20 years ago, the Houston Astros ripped off the Baltimore Orioles for one of the greatest (or worst, depending on your perspective) trades in Major League history when they dealt aging first baseman Glenn Davis for future stars Curt Schilling, Pete Harnisch, and Steve Finley.

Today, they evened out karma when they once again allowed the future National League champs to rip them off by dealing face-of-the-franchise Hunter Pence to the Philadelphia Phillies for three single-A players and, even better, a player to be named later. That player will not be outfielder Dominic Brown or star rookie pitcher Vance Worley, because the Astros decided they only wanted to try and pry major-league ready talent from the Phillies’ chief rival, the Atlanta Braves.

A year ago, the Phillies nabbed Roy Oswalt without having to give up Brown, instead dealing only middling J.A. Happ and a pair of minor leaguers. Philadelphia won 97 games and reached the NLCS; the Astros paved the way for another losing campaign to trickle into a potential-100-loss one in 2011. In the 2008 offseason, GM Ed Wade, formerly of the same post with Philadelphia, dealt Brad Lidge to the Phillies and then watched as Lidge went 48-for-48 in save opportunities as the Phillies won the World Series.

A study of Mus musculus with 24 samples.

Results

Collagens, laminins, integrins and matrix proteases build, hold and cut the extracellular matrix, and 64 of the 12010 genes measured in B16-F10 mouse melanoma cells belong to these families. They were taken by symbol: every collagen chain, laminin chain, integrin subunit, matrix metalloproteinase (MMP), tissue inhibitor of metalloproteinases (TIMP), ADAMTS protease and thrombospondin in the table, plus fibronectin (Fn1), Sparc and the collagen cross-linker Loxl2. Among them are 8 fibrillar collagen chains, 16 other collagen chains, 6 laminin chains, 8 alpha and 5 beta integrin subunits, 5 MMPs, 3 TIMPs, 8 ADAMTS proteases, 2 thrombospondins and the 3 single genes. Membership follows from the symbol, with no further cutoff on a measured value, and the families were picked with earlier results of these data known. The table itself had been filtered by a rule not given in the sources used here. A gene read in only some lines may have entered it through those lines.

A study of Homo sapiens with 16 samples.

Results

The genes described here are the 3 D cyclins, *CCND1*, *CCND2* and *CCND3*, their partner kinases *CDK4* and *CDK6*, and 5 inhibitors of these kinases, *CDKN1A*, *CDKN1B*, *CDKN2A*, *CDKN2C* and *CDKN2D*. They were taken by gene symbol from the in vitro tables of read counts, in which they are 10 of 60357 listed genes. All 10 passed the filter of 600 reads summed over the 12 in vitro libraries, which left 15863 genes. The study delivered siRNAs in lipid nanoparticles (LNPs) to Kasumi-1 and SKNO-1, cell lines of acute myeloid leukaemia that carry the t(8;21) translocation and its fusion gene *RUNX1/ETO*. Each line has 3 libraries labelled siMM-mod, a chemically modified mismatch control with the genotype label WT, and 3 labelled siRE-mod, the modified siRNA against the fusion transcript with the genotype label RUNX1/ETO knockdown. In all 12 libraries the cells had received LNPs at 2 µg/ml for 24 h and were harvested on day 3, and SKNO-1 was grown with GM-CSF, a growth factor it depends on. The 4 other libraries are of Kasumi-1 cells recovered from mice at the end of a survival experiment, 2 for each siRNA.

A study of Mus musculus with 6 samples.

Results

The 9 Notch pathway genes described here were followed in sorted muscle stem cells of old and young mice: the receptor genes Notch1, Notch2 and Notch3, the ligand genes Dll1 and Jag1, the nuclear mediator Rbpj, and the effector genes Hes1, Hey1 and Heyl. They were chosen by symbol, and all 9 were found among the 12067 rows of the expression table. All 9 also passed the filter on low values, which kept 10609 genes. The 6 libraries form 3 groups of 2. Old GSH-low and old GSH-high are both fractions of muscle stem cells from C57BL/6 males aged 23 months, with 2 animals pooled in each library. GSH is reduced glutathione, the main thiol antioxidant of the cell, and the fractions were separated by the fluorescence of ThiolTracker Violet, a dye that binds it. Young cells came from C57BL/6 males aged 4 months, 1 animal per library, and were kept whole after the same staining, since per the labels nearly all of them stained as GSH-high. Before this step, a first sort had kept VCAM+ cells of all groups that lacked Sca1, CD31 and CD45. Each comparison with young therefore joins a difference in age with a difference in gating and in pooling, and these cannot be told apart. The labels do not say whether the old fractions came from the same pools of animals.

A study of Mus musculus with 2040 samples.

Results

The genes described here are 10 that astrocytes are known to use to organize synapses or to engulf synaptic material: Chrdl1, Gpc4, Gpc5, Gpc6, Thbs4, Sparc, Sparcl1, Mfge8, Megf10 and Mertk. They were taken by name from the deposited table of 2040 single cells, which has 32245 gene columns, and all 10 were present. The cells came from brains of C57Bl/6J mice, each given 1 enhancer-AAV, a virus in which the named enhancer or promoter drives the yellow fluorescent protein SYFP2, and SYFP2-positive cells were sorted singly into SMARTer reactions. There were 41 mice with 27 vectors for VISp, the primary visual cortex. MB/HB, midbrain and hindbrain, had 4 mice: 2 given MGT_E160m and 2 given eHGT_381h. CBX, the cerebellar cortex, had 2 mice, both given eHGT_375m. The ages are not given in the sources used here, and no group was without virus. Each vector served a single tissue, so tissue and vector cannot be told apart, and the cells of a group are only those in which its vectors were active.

No one knows for sure if anyone in the Major League Baseball office actually reviews these trades, or cares, because the Phillies, Red Sox, or Yankees in the World Series means ratings, jersey sales, and money money money. Well Selig’s wish will be fulfilled, and the handful of hardcore Astros fans that exist will be crushed.

When the Phillies are conducting their victory parade in late October, they should invite Ed Wade to be an honorary guest. After all, Wade orchestrated the magnificent trade that Phillies GM Ruben Amaro Jr. will get full credit for. Pence will be a star in Philadelphia, while Houston will sink further and further into baseball’s abyss.